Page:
Regulators and utilities across the country are grappling with the valuation of distributed energy resources (DERs) such as solar, energy storage, and energy efficiency, as costs continue to fall and penetration increases. According to a new report from GTM Research, Unlocking the Value of DER 2016: Technology Strategies, Opportunities and Markets, despite DER growth, few states are developing the policies, technology ecosystem and data infrastructure required to enable the location-based valuation systems that will underlie the development of distribution integrated resource planning and DER procurement processes for grid services.

The report describes the evolution of energy resource valuation as utilities and regulators move toward the development and adoption of locational valuation. In fact, a new GTM Squared study found that seven out of 10 regulators, utilities and solar industry providers expect customer-sited solar to be compensated based on locational factors in 2020.

FIGURE: The Evolution of Energy Resources Valuation

Source: GTM Research and PG&E

California and New York are the first states to begin to develop these formulas and data infrastructures, as other states, such as Minnesota and Washington, are considering similar but more limited efforts. As public utility commissions seek to develop consensus on key requirements, services and data access questions, utilities in these states are tasked with integrating legacy data systems with new software to provide the necessary insights to determine optimal resource and infrastructure mixes. This software ecosystem leverages existing grid and customer data sources to feed new specialized medium- and long-term forecasting, distribution planning and customer hub applications.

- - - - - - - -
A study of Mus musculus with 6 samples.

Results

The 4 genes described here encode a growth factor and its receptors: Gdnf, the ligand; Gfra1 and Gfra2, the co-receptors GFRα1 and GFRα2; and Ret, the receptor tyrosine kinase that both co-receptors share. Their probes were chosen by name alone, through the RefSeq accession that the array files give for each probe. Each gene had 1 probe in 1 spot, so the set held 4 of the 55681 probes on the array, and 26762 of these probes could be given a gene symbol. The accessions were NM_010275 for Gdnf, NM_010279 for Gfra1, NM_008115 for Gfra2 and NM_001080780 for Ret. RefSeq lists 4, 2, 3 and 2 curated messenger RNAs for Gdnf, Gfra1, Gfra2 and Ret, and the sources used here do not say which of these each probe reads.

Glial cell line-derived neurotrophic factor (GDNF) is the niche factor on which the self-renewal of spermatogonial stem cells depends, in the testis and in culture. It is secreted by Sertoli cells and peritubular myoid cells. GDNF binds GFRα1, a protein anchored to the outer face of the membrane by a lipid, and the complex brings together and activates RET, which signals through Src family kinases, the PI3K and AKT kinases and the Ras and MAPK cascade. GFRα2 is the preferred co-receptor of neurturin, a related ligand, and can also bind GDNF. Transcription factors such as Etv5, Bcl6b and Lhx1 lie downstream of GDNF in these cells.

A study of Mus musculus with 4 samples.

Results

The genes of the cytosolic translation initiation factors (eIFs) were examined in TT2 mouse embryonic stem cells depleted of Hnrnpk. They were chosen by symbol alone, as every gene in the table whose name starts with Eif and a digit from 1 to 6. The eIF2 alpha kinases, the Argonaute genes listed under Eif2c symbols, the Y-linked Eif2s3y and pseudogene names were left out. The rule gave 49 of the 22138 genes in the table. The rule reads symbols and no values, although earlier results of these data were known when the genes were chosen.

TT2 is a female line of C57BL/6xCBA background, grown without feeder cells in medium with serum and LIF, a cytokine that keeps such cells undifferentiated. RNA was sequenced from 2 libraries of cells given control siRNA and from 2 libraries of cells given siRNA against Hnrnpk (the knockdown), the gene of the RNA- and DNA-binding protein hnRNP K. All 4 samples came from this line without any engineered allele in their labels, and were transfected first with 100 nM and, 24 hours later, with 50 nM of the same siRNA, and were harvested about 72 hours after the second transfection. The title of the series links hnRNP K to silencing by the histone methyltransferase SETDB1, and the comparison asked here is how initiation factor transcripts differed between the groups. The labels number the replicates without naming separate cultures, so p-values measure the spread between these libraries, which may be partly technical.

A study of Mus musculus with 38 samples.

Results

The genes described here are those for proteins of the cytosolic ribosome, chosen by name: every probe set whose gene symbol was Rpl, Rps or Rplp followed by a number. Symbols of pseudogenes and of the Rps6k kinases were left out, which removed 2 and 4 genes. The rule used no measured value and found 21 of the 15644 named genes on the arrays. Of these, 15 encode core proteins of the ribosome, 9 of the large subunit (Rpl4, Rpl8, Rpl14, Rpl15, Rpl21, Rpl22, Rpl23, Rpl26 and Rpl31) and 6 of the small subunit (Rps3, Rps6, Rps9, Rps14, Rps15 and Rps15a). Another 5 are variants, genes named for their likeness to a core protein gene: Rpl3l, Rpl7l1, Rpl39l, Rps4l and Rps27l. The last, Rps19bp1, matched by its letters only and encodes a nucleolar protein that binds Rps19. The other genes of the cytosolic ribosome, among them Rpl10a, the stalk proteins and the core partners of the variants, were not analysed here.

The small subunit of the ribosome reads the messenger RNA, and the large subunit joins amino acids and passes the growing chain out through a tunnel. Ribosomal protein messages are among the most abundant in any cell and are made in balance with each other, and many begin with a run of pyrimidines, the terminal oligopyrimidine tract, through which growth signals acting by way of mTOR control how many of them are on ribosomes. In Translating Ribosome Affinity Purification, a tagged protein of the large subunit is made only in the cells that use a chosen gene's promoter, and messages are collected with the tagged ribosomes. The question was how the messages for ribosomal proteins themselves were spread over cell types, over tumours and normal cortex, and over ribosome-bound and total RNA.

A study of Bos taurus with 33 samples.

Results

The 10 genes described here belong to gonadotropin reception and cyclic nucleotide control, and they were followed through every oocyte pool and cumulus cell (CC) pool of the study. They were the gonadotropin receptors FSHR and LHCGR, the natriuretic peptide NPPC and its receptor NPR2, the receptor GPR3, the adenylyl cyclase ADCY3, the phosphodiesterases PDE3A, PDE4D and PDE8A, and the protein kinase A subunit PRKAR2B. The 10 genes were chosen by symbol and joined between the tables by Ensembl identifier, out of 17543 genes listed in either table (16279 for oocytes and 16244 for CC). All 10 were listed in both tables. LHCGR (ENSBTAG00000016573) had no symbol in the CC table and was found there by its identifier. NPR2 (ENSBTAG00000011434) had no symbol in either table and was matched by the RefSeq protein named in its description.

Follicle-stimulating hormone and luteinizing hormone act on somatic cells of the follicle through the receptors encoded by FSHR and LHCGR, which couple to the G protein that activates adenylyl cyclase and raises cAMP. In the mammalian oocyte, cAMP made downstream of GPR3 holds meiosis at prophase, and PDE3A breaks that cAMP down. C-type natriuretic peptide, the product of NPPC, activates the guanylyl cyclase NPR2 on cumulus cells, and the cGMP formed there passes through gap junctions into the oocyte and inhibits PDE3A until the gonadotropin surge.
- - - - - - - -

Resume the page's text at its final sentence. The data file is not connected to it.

FIGURE: Utility DER Valuation Vendor Landscape

Source: GTM Research report Unlocking the Value of DER 2016: Technology Strategies, Opportunities and Markets

“The development of an overarching, long-term algorithm for the value of distributed resources will be a foundational tool for utilities to compare procurement options and choose the optimal combination of low-cost, high-value grid upgrades that empower and leverage customer and utility investments to increase system stability, reliability, power quality and grid efficiency, as well as reduce carbon intensity,” said Ben Kellison, author of the report and GTM Research’s director of grid research.

A utility’s ability to plan, simulate, quantify and monetize the value created by DERs is a central challenge to the ongoing evolution of the electric utility industry. The success of this valuation effort will accelerate the deployment of DERs, while finally directing these resources to the optimal locations to provide value to asset owners as well as the network.


For more information, download the report brochure here.